Michael Bahr: Let’s Build Some Loyalty!

January 21, 2019 | 3 min to read

Last April, I mentioned that loyalty programs can sometimes cause difficulty for game stores. I myself avoided implementing a real loyalty program for a long time because of those very difficulties.

But after the success of the program at my store—"DSG Stars"—I wish I had started sooner. DSG Stars was probably my most successful deliverable of 2018, and it’s humming right along in the new year.

The key is to keep it light, simple, and limited. Here are a few pointers that should help:

 

Let the software do the work.

 

Experienced retailers will recount the time they handed out a box of punch cards, then spent the next half-decade. . .redeeming punch cards. You'll want to find software that does the heavy lifting—one that absolutely, positively records every redemption.

Some loyalty programs come integrated into your point-of-sale system, like Square Loyalty, which I use. Others work the same way—like Quickbooks Pro POS Digital Loyalty Rewards, or the Clover Loyalty app. There are plenty of independent options, too.

The value these provide is that rewards are tracked, often with visibility on the customer’s end, without you having to do anything. Not only does that save you a ton of work, but it helps keep customers from double-dipping or freerolling on you. (It also curtails opportunities for employee fraud.)

And best of all, you can measure whether it’s working by running the software’s attributable sales report.

 

Keep credit earnings simple and countable.

 

Typical loyalty programs offer earnable credits—“points” or “stars” or whatever your system lets you name it.

The default is to award a point/star for every increment of N dollars spent. That’s what I use. I set the threshold two cents under so that it catches X.99 prices. I am not going to punish a customer for spending money with me by leaving them one inch short of a first down.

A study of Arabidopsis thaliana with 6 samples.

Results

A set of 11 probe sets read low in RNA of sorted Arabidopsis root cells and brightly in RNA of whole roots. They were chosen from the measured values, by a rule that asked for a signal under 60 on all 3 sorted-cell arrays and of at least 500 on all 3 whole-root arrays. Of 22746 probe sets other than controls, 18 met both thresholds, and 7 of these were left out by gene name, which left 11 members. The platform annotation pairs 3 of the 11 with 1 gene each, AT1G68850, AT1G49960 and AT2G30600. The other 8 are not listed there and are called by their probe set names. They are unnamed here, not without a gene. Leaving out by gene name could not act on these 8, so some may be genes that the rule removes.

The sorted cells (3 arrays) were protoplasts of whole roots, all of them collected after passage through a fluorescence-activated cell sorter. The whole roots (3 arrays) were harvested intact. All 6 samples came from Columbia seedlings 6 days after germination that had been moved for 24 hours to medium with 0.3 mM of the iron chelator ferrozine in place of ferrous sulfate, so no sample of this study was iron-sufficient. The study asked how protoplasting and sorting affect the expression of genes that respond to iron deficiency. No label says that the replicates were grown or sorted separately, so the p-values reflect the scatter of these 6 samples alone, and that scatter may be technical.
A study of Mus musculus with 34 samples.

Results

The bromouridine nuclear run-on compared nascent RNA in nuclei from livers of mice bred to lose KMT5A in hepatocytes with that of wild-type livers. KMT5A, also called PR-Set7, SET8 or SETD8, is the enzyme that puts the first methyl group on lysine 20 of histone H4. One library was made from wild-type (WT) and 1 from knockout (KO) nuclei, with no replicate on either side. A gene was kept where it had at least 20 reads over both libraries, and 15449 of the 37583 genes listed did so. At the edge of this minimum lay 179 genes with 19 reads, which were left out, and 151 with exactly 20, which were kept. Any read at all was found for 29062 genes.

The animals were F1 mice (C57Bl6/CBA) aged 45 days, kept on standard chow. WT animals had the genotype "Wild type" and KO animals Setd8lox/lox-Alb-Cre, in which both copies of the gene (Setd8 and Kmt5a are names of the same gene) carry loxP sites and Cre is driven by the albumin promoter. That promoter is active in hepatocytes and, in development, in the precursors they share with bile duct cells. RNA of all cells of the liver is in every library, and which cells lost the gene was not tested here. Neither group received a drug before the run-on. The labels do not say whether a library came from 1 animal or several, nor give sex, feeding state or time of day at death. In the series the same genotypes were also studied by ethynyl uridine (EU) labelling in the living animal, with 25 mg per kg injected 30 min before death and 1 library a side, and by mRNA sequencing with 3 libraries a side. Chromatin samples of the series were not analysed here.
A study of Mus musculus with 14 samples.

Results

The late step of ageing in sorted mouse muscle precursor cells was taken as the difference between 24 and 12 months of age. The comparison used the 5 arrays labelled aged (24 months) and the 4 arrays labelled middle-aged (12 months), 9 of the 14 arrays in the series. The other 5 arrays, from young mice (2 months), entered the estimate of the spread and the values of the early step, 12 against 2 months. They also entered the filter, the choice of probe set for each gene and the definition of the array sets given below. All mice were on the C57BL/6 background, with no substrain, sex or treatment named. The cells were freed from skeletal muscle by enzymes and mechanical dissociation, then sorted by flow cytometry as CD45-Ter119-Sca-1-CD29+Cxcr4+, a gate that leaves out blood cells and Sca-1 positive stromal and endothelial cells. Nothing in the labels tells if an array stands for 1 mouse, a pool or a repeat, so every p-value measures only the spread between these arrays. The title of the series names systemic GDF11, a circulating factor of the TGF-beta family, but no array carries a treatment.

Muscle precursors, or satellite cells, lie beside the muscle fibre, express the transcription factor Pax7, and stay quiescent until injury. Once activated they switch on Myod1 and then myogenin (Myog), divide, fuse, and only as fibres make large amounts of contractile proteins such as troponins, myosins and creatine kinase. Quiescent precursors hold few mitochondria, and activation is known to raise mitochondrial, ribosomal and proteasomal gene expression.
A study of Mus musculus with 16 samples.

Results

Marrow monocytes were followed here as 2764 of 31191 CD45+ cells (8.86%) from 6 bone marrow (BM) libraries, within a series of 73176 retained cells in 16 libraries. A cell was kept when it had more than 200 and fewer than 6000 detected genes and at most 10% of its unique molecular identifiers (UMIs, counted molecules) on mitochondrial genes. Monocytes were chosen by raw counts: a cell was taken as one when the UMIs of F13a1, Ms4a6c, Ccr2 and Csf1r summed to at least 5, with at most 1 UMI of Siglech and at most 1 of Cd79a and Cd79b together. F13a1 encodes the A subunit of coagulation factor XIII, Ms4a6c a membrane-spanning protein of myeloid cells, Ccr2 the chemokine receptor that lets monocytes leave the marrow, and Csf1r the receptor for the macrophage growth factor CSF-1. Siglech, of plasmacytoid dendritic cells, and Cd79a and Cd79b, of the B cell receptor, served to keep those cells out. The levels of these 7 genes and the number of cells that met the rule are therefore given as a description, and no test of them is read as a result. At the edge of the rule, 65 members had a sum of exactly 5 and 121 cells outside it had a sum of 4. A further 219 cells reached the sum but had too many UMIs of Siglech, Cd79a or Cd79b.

Many loyalty programs let you award bonus stars if the recipient provides an email address or mobile number, which makes it more difficult for them to use “burner” contacts. I recommend using these options because they are crucial to campaign implementation. More on that in a moment.

I also recommend configuring your point-of-sale system to deduct store credit used from the price of an item, where possible. You want only real money spent to earn points/stars.

 

Keep redemptions simple and finite.

 

The goal is to craft the reward so that no matter how it scales up, your exposure remains low.

I made a blanket option for 10% off anything, which customers can earn with ten stars. There is virtually no way I can lose in this scenario, even though the discount stacks with internal discounts, because it’s all real money.

Once you have your default redemption and you’ve made sure it scales safely, you can add specialized redemptions. I let players turn in a smaller number of stars for free entry into any constructed Magic event, and a somewhat greater number of stars for free entry into any Booster Draft.

Since that entry fee is for an event and the output faucet is prizing, there’s a built-in buffer making sure that the redemption won’t “cost” you more than your regular organized play margin (which you calculated back when you read this article).

 

Use the information you paid for.

 

 

So, at this point you're awarding credits/points/stars to your customers when they spend money, and they're earning a couple extra stars for giving you contact info. What do you do with it?

The software you use will typically allow you to run marketing campaigns with that information, and it’s tied to the subscription price you pay.*

Basically, you pick an audience (example: "all customers who've made a D&D purchase in the past 60 days"), and send them all a reward incentive. There are two “best” reward incentives that I have found for these.

First, “bounceback coupons.” These offer some reward customers for coming back after a hiatus. They get a message like, “We miss you! Come back for a special offer!” with a one-time code for a reward.

Second, themed coupons. So that's things like, “Celebrate Halloween with a free snack and beverage when you play in any event from October 25–31!”

But don’t limit yourself to those types of offers. How about coupon codes for clearance of a product line? Or as a tool for managing early-bird preorders? So much potential here.

 

Now then. . .

 

These days, I wouldn’t want to be without a loyalty rewards program. Once your audience understands that their dollars go further with you than with the competition, the payoff can be magnificent.

Michael Bahr is the managing partner of Desert Sky Games in Chandler, Arizona. He served four years as a Level 3 Judge, holds a law degree from Arizona State, and spent seven years in government health care administration. Michael’s Ravnica guild is Golgari: black for capitalism and green for sustainability, both economic and environmental.

 

* Remember, emails must always comply with your local laws regarding email marketing such as the CAN-SPAM Act in the United States.